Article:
Background: Medicare implemented a new prospective payment system (PPS) on January 1, 2011. This PPS covers an expanded bundle of services, including services previously paid on a fee-for-service basis. The objectives of the new PPS include more efficient decisions about treatment service combinations and modality choice.
Methods: Primary data for this study are Medicare claims files for all dialysis patients for whom Medicare is the primary payer. We compare use of key injectable medications under the bundled PPS to use when those drugs were separately billable and examine variability across providers. We also compare each patient's dialysis modality before and after the PPS.
Results: Use of relatively expensive drugs, including erythropoiesis-stimulating agents, declined substantially after institution of the new PPS, whereas use of iron products, often therapeutic substitutes for erythropoiesis-stimulating agents, increased. Less expensive vitamin D products were substituted for more expensive types. Drug spending overall decreased by ∼$25 per session, or about 5 times the mandated reduction in the base payment rate of ∼$5. Use of peritoneal dialysis increased in 2011 after being nearly flat in the years prior to the PPS, with the increase concentrated in patients in their first or second year of dialysis. Home hemodialysis continued to increase as a percentage of total dialysis services, but at a rate similar to the pre-PPS trend.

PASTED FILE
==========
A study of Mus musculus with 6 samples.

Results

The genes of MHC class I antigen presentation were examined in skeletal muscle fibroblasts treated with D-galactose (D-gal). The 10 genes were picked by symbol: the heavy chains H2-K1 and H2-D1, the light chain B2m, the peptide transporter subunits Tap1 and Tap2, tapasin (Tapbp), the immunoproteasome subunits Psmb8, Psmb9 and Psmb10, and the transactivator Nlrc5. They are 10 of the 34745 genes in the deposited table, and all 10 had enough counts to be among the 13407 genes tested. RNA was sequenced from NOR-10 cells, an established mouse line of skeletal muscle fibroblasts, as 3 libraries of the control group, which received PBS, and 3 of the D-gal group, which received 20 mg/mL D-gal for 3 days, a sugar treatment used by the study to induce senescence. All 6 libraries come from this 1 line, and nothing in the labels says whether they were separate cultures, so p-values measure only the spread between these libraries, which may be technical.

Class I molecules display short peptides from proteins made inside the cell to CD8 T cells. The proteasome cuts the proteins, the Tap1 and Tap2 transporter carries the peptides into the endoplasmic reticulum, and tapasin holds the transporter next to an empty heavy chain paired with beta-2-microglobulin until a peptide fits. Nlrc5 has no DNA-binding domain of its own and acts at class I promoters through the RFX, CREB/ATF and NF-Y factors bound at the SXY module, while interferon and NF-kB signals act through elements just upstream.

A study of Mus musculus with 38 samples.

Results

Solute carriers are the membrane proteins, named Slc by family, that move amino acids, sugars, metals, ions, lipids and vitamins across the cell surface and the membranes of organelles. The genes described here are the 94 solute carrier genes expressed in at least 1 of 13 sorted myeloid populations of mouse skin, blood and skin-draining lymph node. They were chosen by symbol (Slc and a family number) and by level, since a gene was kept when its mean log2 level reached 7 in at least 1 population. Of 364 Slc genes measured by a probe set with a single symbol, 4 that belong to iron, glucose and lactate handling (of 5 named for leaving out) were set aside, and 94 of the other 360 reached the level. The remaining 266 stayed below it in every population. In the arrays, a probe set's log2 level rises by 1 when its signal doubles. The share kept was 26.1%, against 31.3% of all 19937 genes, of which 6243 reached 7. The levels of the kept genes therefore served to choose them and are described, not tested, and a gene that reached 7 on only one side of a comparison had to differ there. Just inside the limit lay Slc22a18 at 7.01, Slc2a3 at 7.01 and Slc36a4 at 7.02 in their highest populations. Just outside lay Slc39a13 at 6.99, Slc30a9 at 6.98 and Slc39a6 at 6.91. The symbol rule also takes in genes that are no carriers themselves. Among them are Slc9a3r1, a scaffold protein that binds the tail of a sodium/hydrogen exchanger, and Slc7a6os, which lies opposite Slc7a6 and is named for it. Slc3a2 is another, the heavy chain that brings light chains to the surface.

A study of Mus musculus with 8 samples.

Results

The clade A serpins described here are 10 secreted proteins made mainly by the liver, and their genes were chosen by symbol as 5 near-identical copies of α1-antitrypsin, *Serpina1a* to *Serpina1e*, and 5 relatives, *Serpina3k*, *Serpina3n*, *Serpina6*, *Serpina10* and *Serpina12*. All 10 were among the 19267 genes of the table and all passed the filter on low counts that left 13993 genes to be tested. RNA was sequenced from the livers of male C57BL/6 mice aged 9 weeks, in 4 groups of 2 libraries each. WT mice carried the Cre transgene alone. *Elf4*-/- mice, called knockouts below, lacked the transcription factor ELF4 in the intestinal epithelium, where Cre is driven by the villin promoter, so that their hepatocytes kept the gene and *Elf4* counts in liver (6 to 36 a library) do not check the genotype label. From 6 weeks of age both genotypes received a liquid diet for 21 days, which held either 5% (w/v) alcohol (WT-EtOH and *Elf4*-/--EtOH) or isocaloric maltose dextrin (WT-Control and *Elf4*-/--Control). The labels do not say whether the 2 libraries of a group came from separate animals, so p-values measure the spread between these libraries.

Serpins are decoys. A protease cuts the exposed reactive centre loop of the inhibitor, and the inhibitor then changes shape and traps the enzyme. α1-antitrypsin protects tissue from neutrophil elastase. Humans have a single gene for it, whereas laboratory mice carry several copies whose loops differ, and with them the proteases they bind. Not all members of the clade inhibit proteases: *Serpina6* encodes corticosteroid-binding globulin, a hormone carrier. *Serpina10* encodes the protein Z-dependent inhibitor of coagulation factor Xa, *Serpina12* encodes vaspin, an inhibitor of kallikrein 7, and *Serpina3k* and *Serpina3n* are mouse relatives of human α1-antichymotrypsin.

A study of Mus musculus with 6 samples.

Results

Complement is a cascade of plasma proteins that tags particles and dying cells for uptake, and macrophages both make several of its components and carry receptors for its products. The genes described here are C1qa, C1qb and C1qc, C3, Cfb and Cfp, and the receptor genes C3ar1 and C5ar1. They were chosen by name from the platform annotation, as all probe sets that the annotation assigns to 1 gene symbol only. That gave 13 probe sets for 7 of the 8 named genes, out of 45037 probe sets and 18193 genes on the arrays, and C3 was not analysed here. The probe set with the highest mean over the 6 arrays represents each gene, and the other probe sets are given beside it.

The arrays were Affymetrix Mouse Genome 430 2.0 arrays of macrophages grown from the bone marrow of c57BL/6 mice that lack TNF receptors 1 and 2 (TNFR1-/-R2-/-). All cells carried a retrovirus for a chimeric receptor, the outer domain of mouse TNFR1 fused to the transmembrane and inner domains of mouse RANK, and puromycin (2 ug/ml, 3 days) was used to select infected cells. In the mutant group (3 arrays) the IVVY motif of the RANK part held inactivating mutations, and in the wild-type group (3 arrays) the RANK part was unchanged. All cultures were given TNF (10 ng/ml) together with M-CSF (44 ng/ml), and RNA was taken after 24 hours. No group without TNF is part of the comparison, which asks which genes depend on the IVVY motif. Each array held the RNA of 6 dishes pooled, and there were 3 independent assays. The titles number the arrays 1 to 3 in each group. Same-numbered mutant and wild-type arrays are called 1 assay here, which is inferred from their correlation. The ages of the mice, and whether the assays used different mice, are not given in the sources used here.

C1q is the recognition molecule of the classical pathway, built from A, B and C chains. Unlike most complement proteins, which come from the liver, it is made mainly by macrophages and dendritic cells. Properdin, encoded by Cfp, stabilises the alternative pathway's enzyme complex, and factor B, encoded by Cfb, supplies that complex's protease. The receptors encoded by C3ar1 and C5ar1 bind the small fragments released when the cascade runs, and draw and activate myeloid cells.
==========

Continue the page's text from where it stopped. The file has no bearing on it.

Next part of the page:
Conclusion: The expanded bundle dialysis PPS provided incentives for the use of lower cost therapies. These incentives seem to have motivated dialysis providers to move toward lower cost methods of care in both their use of drugs and choice of modalities.
Keywords: Dialysis; bundled payment; cost; medications; prospective payment.